Five embarrassing ways to stay young at heart

GETTING older but not happy about it? Here’s how to maintain the facade of youthfulness even if it means being a bit of a twat.

Become obsessed with exercise

Becoming obsessed with exercise is a great way to seem young – and bore people senseless with your exercise regime. Extremely long runs are good, yoga is pretty tedious to talk about and cycling gives you the opportunity to wear disturbingly tight lycra.

Dress young

Be visibly in denial about the relentless march of time by dressing like a teenager, regardless of your age. Eschew M&S knitwear for fast fashion, embracing bright crop tops and flared jeans like you did when they were stylish the first time around. If your children are revolted and suddenly want to throw out their whole wardrobe, you’re doing it right.

Use the latest social media

Children love it when their parents start following them on social media sites. It’s a great way to demonstrate an interest in their lives while also staying up-to-date about the latest celebrity scandals and memes. Make sure you comment on all of their Instagram posts, peppering your praise with ‘hip’ emojis like an aubergine or peach. 

Join in on young people’s conversations

If you overhear two shop assistants chatting about the latest Kid Cudi track, try and jump in with an opinion, whether you have one or not. Ask them questions about ‘young people things’. To really look odd, ask if they’d like to go for a drink with you sometime, or what the coolest local ‘discos’ are. 

Totally regress to your teenage years

Get drunk a lot, develop an interest in drugs even if you were never into that sort of thing 30 years ago, and try to sleep around. And for the true teenage experience, obsess about new bands that aren’t very good.

Sign up now to get
The Daily Mash
free Headlines email – every weekday

'With regards to yourself' and other annoying ways people speak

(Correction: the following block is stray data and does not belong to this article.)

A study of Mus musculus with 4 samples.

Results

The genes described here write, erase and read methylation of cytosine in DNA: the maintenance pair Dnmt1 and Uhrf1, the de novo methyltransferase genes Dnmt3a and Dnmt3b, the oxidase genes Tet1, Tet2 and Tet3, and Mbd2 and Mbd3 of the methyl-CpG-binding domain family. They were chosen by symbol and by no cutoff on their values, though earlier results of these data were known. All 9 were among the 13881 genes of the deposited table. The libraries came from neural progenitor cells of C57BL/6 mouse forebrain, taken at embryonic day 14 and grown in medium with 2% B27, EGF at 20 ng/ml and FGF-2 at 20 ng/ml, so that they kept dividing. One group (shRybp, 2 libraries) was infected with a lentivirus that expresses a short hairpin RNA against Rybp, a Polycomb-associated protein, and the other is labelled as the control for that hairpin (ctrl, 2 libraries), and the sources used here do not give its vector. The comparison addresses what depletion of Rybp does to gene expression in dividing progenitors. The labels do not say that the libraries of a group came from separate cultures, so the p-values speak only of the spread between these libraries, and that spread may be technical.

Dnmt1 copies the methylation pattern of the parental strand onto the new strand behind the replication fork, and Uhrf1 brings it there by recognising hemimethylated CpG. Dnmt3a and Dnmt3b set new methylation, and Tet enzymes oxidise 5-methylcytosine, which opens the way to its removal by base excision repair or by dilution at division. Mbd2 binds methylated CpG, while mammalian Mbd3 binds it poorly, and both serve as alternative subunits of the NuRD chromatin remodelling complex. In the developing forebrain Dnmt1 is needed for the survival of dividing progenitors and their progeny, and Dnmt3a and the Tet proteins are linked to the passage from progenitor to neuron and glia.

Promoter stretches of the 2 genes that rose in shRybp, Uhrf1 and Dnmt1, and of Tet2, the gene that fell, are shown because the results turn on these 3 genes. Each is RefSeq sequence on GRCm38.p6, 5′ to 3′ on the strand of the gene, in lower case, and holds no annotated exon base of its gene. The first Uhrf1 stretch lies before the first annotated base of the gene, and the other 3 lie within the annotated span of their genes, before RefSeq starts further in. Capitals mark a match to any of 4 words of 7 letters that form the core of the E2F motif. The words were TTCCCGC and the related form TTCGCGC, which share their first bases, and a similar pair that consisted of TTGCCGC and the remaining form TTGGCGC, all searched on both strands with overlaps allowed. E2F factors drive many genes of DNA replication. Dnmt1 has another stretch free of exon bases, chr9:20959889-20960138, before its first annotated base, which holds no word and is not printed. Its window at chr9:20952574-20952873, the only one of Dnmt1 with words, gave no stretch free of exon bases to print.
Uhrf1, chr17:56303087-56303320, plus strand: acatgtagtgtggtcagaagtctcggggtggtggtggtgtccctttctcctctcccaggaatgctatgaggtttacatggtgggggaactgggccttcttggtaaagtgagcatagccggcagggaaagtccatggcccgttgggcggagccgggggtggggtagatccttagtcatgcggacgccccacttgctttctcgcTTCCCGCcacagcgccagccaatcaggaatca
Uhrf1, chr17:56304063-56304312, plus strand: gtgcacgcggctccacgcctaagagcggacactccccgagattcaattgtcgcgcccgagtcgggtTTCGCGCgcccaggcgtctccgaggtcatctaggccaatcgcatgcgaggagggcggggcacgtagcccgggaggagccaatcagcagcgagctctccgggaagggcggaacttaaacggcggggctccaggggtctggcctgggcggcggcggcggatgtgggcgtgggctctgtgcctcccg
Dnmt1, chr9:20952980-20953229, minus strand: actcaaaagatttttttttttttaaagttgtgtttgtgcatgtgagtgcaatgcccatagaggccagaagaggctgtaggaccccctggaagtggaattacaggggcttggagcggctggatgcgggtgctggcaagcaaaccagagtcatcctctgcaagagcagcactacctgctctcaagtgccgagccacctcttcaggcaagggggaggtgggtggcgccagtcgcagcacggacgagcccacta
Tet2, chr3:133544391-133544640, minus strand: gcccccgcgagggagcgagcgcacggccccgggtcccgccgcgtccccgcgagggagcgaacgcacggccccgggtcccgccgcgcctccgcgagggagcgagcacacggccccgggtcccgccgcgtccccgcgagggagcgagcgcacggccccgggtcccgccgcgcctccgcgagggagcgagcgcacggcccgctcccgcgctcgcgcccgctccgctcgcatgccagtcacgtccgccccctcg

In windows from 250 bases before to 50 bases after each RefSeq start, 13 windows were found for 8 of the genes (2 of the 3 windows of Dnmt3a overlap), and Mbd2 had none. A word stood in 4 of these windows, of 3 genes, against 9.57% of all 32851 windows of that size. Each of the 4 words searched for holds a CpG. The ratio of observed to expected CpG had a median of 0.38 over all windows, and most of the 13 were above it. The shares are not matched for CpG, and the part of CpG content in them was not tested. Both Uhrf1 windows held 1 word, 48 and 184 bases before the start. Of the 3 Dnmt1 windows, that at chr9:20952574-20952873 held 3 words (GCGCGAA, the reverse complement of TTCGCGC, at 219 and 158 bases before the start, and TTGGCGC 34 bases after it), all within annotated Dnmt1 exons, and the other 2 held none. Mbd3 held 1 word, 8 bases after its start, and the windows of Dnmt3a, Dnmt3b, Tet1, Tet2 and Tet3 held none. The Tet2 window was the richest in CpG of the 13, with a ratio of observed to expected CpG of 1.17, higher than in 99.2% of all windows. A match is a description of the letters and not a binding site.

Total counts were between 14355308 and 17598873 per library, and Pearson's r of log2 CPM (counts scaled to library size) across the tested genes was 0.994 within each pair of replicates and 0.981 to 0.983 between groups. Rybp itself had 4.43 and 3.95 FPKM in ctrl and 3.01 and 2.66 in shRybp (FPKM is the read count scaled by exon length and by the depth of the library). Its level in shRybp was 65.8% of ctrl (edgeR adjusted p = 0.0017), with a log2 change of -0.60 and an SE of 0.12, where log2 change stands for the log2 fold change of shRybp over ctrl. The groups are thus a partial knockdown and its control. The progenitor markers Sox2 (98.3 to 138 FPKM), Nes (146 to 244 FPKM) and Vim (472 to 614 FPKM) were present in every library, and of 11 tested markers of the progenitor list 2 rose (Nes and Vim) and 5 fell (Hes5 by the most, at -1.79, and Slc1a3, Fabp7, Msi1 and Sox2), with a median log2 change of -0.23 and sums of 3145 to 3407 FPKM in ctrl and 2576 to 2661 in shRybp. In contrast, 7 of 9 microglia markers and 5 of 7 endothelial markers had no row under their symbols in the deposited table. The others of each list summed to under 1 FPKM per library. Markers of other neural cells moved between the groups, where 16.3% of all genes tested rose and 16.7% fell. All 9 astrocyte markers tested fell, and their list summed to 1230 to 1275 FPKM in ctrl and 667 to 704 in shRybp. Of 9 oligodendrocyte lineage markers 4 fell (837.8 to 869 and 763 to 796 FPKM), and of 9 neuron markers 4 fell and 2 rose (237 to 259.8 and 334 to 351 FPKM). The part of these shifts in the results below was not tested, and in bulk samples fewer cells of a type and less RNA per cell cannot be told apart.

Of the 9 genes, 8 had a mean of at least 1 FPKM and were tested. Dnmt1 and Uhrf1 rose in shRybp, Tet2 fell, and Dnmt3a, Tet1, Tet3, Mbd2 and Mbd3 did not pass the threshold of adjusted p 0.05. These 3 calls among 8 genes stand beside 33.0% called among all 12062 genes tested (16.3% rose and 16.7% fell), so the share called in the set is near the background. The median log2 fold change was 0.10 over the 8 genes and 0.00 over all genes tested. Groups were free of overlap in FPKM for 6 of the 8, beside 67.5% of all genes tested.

LEARN to speak proper and not get on other people’s nerves by avoiding these five common mistakes:

Footballer tense

Known as the perfect tense by purists, it’s widely used by footballers and pundits, eg. ‘He’s got round the back and he’s crossed the ball’. Also popular with the police, as in ‘He’s gone into the shop without a face mask and I’ve gone in and I’ve spoke to him’. Makes you sound strangely like a robot.


Making every statement of fact sound like a question sounds as if you’re constantly seeking validation. Either that or you were brought up on a 1990s diet of Friends, Home and Away, and Sex and the City.


It’s irritating when, in an attempt to sound knowledgeable, people use long words without having a clue what they actually mean. They probably think Portmanteau is a lovely little resort near Biarritz where one can sit by the harbour with a bottle of Chateaubriand.

Salesperson speak

If someone has called to mis-sell you PPI and you haven’t put the phone down on them, you’ll have heard them using unnecessarily long phrases like ‘with regards to yourself’. They believe this makes them sound well-spoken, but ‘like a dickhead’ is more accurate.


Do you ramble on in a foppish way, unable to say what’s really on your mind? It’s either the result of being sent to public school, watching too many Richard Curtis films starring Hugh Grant or possibly being Boris Johnson and thinking this affectation impresses people. Which, sadly, it appears it does.